WhatsApp isn't just catching flak from users over its data sharing with Facebook. The Financial Times reports the Irish Data Protection Commission has fined WhatsApp €225 million ($266.8 million) for not sharing enough details of how it shares European Union users' data with Facebook. The messaging service allegedly failed to live up to its General Data Protection Regulation (GDPR) transparency obligations.
The Commission also said the data sharing itself violated GDPR. WhatsApp was merely storing "pseudonymous" phone number data, for instance, rather than truly anonymizing it. While the numbers were stored using lossy hashes, WhatsApp had the hash key needed to decrypt that info — it could tie that number to a specific person if it wanted.
The ruling asked WhatsApp to both improve its transparency and bring the data sharing in line with the GDPR. The Irish agency initially planned to fine WhatsApp €50 million ($59.3 million) for breaking GDPR, but hiked the punishment after Germany and other countries accused the Commission of being lenient on privacy violations.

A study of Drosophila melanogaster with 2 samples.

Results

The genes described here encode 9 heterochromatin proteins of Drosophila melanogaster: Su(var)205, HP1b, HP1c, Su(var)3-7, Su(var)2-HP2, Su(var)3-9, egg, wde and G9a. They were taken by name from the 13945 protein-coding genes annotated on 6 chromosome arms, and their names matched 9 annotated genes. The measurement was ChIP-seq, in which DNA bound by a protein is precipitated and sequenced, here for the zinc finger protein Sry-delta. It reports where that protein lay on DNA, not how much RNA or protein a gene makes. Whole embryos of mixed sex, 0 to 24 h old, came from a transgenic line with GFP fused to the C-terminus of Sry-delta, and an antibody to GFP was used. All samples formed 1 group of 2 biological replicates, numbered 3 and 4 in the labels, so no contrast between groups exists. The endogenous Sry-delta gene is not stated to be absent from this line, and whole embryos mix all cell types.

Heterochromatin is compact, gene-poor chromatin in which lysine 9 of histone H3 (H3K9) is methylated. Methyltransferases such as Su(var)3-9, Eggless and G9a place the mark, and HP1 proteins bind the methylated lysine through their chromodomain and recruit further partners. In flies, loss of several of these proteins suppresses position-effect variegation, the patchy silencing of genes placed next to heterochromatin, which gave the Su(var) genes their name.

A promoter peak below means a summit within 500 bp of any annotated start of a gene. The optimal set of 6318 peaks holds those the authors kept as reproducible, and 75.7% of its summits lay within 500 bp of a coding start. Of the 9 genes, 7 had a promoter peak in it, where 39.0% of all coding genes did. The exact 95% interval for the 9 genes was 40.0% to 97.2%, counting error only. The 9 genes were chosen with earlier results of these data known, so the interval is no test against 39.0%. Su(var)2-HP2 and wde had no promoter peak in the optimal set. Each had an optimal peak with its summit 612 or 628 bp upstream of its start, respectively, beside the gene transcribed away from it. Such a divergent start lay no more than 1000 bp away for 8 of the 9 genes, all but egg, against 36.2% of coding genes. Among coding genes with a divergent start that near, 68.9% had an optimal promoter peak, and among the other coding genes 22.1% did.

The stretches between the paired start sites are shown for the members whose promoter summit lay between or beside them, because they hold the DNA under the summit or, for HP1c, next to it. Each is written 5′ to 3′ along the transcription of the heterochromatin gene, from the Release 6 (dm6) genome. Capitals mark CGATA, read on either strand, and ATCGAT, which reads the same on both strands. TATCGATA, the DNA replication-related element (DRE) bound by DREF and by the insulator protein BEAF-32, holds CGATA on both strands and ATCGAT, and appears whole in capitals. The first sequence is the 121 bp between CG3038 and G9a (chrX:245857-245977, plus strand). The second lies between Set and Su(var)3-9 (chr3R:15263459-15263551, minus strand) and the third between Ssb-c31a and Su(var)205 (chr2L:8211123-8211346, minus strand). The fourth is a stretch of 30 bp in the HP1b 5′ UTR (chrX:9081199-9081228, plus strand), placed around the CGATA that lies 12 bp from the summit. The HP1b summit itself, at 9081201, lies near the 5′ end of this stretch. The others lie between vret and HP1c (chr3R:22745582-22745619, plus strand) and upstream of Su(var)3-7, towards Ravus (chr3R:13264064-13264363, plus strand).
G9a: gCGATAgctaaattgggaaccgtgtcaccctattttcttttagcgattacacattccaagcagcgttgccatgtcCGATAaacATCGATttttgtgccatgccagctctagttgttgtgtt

WhatsApp unsurprisingly planned to appeal the decision. It claimed that it met transparency requirements in 2018 (around when the investigation began) and that the fines were "entirely disproportionate." It maintained that it strived to offer "transparent and comprehensive" information to users.
The fine is the latest in a string of penalties for tech giants over violations. Amazon faced a record $888 million fine in July over GDPR issues, and Twitter was asked to pay €450 million ($533.6 million) when it failed to report a data leak within 72 hours. WhatsApp's fine is light by comparison, then, although it's arguably grappling with a larger blowback over its data policies.